Aug. 26--Stewart Ramser, Jon Niess and Julian Lowin did something earlier this year that to some people might not seem like the best decision in the music business -- at a moment when more and more acts are releasing their music independently, they started a record label.
The label, Big Bend Records, is part of a larger partnership between Texas Music magazine, where Ramser is the publisher, Niess' Austin Signal recording studios and Lowin, a media consultant. Niess said that combining the recording process, a media outlet and a publicity arm will allow the label to provide extra support to its artists (each element of the partnership will continue to work with and cover acts not involved with the label).
"I had the studio, and occasionally people would say, 'Why don't you start a label,' which seems like kind of a boneheaded thing to do given what the industry is like right now," Niess, a producer, said. "So I resisted that even though it sounded interesting."
Niess took the long way to becoming a studio owner and producer. A former musician, he detoured into the world of computers for several years ("I sold everything and dropped out," he said). He taught himself to record music on the side, editing recordings during long hours spent on business trips. A few years ago he sold his business to IBM and built a studio on the property of his Hill Country home.
Lowin, a neighbor, introduced him to Ramser; the three hatched the idea for the partnership and label in March. The first release was the second album from Austin country/swing/folk group Ghosts Along the Brazos, "When it Rains It Pours." Niess was introduced to the group by band member Connor Forsyth, whose career he had followed since his days in the Belleville Outfit.
When Ghosts Along the Brazos was planning new recordings, the band went to Niess. "I fell in love with the sound of the record," Niess said. "It came out just the way we had hoped, and I said, 'I'd love to have you on the label,' and they were into it."
In September, the label will release the debut album from Austin rock band the Reynolds Number as well as a new album from singer-songwriter Breting Engel. Niess said that aside from supporting younger, Texas-based artists, Big Bend isn't tied to a particular genre. "Stewart's philosophy for the magazine was to kind of promote and embrace diversity across genres," said Niess, who has never worked on a label before. "We're going to try to do the same thing on the label. The first thing is, do we really like the music? And the second is, can they play what they record?"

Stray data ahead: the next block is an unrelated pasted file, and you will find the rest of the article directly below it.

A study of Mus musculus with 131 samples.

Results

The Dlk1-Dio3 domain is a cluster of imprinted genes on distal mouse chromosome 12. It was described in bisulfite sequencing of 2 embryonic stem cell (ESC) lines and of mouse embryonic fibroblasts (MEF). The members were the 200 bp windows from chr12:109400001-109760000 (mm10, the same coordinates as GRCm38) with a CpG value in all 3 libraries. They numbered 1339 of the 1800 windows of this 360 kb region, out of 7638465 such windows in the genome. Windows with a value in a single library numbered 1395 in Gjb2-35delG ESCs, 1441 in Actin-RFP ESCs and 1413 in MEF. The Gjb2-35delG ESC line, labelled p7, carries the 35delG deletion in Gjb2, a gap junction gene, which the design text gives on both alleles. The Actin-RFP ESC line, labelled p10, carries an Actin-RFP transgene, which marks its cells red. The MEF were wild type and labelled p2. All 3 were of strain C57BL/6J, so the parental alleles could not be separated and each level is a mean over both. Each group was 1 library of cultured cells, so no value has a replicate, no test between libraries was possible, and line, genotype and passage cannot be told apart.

At the moment, Niess is still getting the hang of some of the bureaucratic and publicity elements involved with the new project but said there has been enthusiasm from the music community. "We have to be careful not to overextend ourselves," he said.
Up next for Big Bend is a five-city "Texas Music Live" tour to support the Reynolds Number, with Alpha Rev and Quiet Company joining on some of the dates. That mini-tour stops Oct. 25 at the Belmont.
City Council approves sound mitigation measure. On Thursday, the City Council voted in favor of the creation of a permanent microloan, dubbed the Music Venue Assistance Program, to help qualifying venues make soundproofing modifications that would help reduce the impact of live music on residential areas. The loans will be capped at $35,000.
"It's just one of the ways the local music industry is stepping up its collaborations with residents and neighborhoods to make sure live music remains a positive contributor to quality of life in Austin," said Jennifer Houlihan, director of advocacy group Austin Music People. The group has been urging the council to take action on the measure.
United We Jam helps get out the vote, promotes Red River. In other AMP news, Houlihan considers her organization's United We Jam festival, which took place across several music venues on Friday and Saturday, a success. "Can't wait until next year," Houlihan said Monday. Over the course of the weekend, AMP volunteers, who were deputized as voter registrars last Tuesday, registered 139 new voters and collected more than 2,100 signatures on a petition to have Red River Street declared a cultural heritage district. Among the volunteers was Austin-based singer and songwriter Nakia, who was also recently named to the Austin Music Commission.
In brief: Bob Schneider will headline American Youthworks' Help Clifford Help Kids gala Nov. 7 at ACL Live. Music-only tickets ($25-$45) are available to the event at acl-live.com.